Grasping the nettle: Hilltop Arboretum’s Cajun Prairie is a work-in-progress wonderland
Partridge pea. Ironweed. Virginia Crownbeard. No, they’re not some forgotten sprites of a Shakespearean idyll making mischief for Athenian lovers—though they do play a role on a sylvan stage. In real life, this time. These plants plucked from fairyland actually exist, though in numbers rare enough that, in spotting one amidst the miniature meadows still surviving in their Louisiana homelands, you may be witnessing the revival of an ecosystem once thought to be all but dead, with only 1% of its original habitat remaining inside state borders.
Parts of which, mind you, grow smack dab in the middle of Baton Rouge.
Those in the know call it the Cajun Prairie, a term coined by botanist Charles Allen to describe the native meadows housing insects and animal life crucial to the unique environs of our so-swampy state. Or at least, they used to. Once found throughout the coastal plains of Louisiana, the meadows’ most recent iteration lives on in a special project putting down roots in a place willing to hang on tight: the backyard of LSU’s Hilltop Arboretum, whose master plan three years in the making came to fruition in 2020.
“We had technically been in talks to make it happen since around 2008, when we started working with Reed Hilderbrand Landscape Architecture, based in Cambridge, Massachusetts,” says Peggy Coates, executive director of the arboretum. “The goal was to introduce people to these unusual native plants that are so important to the entire web of life, from insects to butterflies to birds. These plants’ presence can also help rid and replace invasive plant species, so we hope to become a model for how to study these environments and educate the public about their importance.”
Then, on the doorstep of Hilltop’s first big fundraiser for the Prairie, the lockdowns of 2020 began. Coates recalls bearing the weight of depression and disbelief when the university—and nearly every other entity in the country—shut its office doors to the public, sending not just her event plans into limbo, but the fate of the newly flourishing gardens on the four Prairie plots. Three acres of “Prairie Stroll” walking paths emptied of visitors overnight, and the money needed to finance the garden’s seasonal maintenance risked drying up much faster than anticipated.
But we live in 2021 now, with the hindsight to see the blessings lurking beneath the canopy.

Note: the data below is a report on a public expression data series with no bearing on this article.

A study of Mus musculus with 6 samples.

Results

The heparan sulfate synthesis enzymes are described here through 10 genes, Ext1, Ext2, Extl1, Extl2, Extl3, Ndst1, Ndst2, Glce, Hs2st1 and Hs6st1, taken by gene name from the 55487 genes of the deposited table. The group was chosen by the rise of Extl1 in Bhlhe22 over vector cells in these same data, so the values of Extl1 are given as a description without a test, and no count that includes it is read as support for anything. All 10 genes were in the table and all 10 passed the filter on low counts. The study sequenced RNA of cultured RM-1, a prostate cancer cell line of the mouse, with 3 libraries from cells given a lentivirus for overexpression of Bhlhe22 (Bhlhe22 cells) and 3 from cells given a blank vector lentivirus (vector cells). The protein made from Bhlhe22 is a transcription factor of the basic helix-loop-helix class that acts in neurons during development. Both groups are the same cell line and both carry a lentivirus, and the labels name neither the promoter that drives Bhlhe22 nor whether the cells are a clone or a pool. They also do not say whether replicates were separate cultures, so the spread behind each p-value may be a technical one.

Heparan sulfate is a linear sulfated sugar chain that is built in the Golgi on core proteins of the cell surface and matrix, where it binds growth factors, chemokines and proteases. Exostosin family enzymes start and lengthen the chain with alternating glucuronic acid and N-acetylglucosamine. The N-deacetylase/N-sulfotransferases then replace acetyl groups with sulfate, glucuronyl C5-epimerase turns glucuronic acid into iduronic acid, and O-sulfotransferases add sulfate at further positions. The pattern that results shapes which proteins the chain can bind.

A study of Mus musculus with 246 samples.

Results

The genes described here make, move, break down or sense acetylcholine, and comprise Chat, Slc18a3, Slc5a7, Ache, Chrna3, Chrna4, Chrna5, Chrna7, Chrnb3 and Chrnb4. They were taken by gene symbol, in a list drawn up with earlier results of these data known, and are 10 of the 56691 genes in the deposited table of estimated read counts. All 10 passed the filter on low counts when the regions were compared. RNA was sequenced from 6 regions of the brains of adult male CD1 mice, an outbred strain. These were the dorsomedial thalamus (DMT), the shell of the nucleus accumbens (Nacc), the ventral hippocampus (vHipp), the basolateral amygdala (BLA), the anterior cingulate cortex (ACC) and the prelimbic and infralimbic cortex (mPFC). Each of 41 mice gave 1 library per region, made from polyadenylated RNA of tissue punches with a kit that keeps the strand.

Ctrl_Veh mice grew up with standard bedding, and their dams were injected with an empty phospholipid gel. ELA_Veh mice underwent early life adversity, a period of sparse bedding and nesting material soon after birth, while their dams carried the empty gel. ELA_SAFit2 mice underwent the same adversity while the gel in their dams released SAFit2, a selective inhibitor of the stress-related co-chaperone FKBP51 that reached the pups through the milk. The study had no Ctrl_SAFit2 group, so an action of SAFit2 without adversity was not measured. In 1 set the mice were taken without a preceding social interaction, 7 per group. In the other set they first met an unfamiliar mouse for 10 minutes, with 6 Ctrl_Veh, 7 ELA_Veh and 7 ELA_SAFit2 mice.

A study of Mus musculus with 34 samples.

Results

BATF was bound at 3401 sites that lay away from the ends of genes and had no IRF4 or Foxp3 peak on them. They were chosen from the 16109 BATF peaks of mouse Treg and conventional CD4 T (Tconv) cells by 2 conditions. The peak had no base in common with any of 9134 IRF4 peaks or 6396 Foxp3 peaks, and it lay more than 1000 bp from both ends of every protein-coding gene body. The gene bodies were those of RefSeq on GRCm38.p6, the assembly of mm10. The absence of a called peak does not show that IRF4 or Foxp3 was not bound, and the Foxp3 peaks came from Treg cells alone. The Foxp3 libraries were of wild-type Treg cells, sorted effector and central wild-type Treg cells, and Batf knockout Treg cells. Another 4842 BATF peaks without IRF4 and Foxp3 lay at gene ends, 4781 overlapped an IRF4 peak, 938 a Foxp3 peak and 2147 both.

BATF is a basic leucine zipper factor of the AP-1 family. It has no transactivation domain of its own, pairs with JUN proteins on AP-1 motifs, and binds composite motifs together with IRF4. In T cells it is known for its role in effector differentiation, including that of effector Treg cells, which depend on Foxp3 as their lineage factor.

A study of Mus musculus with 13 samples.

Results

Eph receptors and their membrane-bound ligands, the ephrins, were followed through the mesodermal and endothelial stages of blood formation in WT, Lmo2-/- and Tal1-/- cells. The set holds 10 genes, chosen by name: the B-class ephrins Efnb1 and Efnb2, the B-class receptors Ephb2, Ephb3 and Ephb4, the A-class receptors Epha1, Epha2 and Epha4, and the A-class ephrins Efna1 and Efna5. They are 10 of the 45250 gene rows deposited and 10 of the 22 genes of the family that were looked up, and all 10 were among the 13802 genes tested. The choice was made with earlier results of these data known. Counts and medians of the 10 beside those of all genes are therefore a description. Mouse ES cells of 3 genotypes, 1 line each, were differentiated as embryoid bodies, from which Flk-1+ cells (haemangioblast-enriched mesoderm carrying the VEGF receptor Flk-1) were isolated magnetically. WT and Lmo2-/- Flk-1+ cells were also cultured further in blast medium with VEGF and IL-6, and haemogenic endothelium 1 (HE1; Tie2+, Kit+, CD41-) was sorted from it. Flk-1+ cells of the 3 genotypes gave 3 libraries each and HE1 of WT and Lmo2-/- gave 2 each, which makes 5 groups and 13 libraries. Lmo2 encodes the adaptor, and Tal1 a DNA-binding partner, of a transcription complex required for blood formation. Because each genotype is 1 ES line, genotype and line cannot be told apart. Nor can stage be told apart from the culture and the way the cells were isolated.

“We closed our offices, but LSU allowed us to keep the grounds open,” says Coates. “So I put a book outside where people coming to the arboretum could leave comments, and let me tell you, that meadow brought more joy and peace to people than I could have hoped.”
Visitors began coming back with a new appreciation for the great outdoors—the only acceptable place to exercise or come across other people outside a person’s own household. They brought sunglasses and strollers. They brought tea services and children’s books. And most importantly, they experienced the spring heyday of blooms during the height of the Cajun Prairie’s flowering cycle, which Coates says reaches its peak around May. Suddenly kids out of school were learning to identify aster and lemon mint, rolling down the earthen amphitheater at the edge of the gardens, and experiencing the landscape of a Louisiana past.
Last month, machines cut down the four Cajun Prairie plots in preparation for this coming spring’s fresh growth, which depends on the removal of overabundant woods and grasses to allow new seeds to settle and germinate underground. These new seeds, gathered from existing coastal plains—including the Anacoco Prairie in Fort Polk, whose clay-packed soil resembles Baton Rouge’s—or purchased from Native American Seed in Texas, owe their dispersal to a squad of volunteers from the LSU Robert Reich School of Landscape Architecture known as the Meadow Keepers, who hand-strew a different variety of seeds in each of the four plots so that they can be compared later on.
“It’s a gradual process,” remarks Coates, who notes that the Prairie may take 10 years to fully mature. “Some plants are annual, some are perennial, and it will take time to transition out invasive species, but that’s why it’s fun to track how the plants are performing each year, assessing them, and deciding on what management strategies you want to implement in the coming year.”
As for 2020, Coates and the Hilltop team surprised themselves with the success of reinstated socially distant events like online workshops, an educational video series, and the arboretum’s annual plant sale, which became their best-selling sale to date.
“We had a woman come here from McComb, Mississippi who bought six wagons full of plants,” she says, “and part of the reason is that people really want these native plants in their gardens. Unfortunately, they’re just hard to find.”
This year, the Cajun Prairie will bloom with six to seven additional plant species gathered by Allen and the Meadow Keepers (a great band name, by the way), the next step in the ever-evolving mission to reinstate the botanical bounty that earned Louisiana its “Sportsman’s Paradise” moniker.
“When I look at the arc of the year, we have survived it,” says Coates. “We’ve become a place that people have gotten a lot of enjoyment from, and they’ve learned something new along the way. What more can you ask for?”